By Connie Moore
After talking to you and your Business Process peers this summer, we’re planning to focus our 2010 research in the following 6 areas (each crucial to Business Process success):
Forrester’s Deep Dive Into Business Process
Last summer Forrester embarked on an ambitious project to interview individuals in each of our 20 targeted roles. As you may know, four years ago we shifted strategy to focus on individuals in a specific job function (or role), rather than continuing to write about technology topics irrespective of who does what with them. This most recent project supporting that effort, internally called the Role Deep Dives, was a fascinating look at the people in specific job functions. My part in this effort was to interview individuals in 28 companies who are responsible for business process projects.
The results were fascinating. We talked with individuals in nine countries and on five continents. Each company was greater than $1 billion (US) in annual revenue but most were significantly larger — several of them in the Fortune 100. Yet, the results were largely consistent across industries, company size, and geography. The results? Business process professionals are mandated with a huge responsibility to transform one or more business processes, improve business performance, and/or streamline business operations, yet many of the people I talked to find they lack the requisite business insight, skills, frameworks, experience and peer-to-peer networking insights to get the job done. This skills shortage is what keeps them up at night — it’s not a technology issue — whether they are in India, Brazil, the UK, the US, Australia or elsewhere.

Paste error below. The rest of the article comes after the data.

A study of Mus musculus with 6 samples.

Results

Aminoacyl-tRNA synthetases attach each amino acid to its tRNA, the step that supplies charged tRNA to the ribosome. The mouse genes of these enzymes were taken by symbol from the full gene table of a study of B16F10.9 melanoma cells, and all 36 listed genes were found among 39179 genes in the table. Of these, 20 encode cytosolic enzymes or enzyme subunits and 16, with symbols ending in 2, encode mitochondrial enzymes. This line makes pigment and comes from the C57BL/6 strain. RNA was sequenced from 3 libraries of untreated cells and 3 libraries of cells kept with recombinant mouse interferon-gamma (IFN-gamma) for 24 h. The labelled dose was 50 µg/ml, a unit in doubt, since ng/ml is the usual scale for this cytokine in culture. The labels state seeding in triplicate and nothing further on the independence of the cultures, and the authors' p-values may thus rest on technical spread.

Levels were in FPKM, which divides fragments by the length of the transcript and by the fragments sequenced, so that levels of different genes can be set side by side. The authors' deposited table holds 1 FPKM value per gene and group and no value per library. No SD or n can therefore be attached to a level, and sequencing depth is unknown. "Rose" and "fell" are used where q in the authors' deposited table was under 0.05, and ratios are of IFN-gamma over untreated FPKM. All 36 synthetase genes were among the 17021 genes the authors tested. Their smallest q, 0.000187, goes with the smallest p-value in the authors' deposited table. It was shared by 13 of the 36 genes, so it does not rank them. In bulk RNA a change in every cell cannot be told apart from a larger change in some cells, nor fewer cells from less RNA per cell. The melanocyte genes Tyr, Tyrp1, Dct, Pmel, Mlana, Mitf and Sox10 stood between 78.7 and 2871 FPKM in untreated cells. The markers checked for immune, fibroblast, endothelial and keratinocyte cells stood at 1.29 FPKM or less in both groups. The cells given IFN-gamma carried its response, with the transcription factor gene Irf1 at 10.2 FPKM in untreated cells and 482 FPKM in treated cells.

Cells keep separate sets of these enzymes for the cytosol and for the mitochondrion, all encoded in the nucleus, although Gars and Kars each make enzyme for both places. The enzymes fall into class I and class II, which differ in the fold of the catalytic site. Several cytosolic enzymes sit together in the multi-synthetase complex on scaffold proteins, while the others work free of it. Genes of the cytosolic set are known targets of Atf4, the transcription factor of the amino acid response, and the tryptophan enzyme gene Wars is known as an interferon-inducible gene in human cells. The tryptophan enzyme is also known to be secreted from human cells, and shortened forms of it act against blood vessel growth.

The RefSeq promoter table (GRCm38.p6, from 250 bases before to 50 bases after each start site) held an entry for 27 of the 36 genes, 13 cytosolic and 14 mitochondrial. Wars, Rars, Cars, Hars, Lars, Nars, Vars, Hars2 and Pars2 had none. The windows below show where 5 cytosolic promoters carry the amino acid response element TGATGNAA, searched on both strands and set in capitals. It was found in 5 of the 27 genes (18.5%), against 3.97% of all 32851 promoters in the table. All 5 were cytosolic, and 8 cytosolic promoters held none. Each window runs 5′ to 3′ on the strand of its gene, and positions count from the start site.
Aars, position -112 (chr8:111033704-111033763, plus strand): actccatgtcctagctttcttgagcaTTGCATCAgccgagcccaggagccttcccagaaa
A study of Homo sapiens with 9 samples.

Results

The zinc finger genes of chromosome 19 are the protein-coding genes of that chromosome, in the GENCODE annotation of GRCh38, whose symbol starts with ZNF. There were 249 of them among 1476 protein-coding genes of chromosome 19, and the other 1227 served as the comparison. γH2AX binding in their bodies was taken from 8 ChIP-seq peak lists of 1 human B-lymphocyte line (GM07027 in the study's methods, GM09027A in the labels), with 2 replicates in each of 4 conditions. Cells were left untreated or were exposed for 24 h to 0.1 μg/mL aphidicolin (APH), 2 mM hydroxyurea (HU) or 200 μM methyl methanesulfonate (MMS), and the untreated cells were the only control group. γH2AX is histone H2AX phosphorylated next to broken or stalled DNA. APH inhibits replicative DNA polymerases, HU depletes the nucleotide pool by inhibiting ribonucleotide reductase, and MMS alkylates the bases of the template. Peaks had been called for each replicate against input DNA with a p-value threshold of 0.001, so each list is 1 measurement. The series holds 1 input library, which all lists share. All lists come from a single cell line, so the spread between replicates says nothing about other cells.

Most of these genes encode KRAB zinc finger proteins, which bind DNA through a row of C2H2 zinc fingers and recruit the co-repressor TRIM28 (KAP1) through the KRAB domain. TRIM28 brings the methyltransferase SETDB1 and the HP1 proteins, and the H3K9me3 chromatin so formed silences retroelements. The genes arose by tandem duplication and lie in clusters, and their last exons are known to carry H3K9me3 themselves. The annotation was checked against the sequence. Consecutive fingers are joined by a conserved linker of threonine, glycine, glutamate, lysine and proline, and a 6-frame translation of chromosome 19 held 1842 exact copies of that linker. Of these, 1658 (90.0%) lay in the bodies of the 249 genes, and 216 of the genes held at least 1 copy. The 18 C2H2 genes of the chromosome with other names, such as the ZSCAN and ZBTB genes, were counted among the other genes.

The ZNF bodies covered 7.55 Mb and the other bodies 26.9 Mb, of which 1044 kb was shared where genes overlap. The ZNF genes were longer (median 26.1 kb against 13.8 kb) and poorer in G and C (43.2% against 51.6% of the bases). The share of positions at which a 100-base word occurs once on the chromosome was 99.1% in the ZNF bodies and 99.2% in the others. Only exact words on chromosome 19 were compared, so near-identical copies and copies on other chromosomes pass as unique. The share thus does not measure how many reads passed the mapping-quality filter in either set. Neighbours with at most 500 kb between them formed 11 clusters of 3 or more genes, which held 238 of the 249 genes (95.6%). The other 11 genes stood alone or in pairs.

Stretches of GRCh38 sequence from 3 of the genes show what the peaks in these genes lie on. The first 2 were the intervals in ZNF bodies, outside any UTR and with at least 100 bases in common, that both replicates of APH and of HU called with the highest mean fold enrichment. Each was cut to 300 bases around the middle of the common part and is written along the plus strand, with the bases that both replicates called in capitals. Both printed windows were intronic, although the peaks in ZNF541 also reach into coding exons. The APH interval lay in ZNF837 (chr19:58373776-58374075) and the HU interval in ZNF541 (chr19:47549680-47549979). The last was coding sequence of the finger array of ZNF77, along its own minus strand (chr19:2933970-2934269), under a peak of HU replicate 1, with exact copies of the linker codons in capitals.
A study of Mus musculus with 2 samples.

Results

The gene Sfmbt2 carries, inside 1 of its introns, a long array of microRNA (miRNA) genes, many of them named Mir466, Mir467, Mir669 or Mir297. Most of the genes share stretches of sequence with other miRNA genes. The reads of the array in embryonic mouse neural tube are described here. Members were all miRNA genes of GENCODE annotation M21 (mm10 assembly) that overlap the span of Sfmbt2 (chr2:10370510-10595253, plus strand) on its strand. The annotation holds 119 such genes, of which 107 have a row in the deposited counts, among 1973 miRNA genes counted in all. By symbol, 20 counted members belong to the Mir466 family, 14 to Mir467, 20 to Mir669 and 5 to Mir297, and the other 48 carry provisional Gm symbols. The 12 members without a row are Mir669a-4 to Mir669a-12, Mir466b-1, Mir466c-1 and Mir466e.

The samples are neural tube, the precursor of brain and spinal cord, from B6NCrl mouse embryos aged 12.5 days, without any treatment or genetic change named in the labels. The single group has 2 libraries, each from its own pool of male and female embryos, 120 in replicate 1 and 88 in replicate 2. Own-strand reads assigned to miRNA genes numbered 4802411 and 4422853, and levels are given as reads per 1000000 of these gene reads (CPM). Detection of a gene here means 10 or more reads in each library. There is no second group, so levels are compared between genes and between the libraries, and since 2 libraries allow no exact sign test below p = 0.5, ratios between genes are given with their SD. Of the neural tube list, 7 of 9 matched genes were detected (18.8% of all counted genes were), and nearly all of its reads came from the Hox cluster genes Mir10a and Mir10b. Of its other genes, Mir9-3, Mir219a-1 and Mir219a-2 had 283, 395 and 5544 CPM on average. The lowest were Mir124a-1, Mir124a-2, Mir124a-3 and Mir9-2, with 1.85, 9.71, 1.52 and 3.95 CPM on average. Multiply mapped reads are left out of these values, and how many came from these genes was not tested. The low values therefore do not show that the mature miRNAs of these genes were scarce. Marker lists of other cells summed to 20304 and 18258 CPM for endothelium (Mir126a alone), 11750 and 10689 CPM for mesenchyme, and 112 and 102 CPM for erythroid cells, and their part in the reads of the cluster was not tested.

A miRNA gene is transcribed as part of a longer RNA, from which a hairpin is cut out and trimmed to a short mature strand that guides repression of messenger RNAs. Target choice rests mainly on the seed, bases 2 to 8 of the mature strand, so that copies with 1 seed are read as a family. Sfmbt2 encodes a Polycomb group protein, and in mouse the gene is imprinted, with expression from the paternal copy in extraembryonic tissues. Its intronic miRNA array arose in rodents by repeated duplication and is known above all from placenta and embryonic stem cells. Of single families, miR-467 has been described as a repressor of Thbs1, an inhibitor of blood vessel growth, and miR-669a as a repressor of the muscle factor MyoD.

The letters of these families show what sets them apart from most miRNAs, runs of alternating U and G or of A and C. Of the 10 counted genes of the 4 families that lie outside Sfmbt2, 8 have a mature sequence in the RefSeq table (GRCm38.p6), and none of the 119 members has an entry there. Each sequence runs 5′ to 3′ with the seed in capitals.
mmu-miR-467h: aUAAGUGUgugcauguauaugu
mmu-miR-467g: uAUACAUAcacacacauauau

Process Professionals Cut Across Business And IT
Our interviews uncovered specific responsibilities within the business process professional ranks. Altogether, we uncovered six sub-roles for business process professionals and gave them descriptive titles: 1) the business “stakeholder;” 2) the “change agent;” 3) the “guru;” 4) the “prodigy;” 5) the “wannabe;” and 6) the “operator.” More specifically, these individuals were:
One thing is clear:
Business process professionals’ jobs and responsibilities are in transition — largely moving from IT into the business, with a heavy focus on increasing the overall process skills up and down the organization. In the most mature organizations, the business process improvement group is a well-established group within the business that helps other business units with business process transformation. In most aspiring organizations, the business process sub-roles have solid/dotted line relationships between business and IT, and the reporting relationships are evolving.
The role deep dives gave us awareness and insights into the daily issues, strategic initiatives, and key problems that business process professionals wrestle with. These insights allowed us to develop the success imperatives (outlined at the top of this post), which will guide our research initiatives in 2010.
Taken collectively, we will focus on three broad efforts to help business process professionals:
That will be our focus in 2010: helping the business process professional succeed beyond his or her wildest imagination.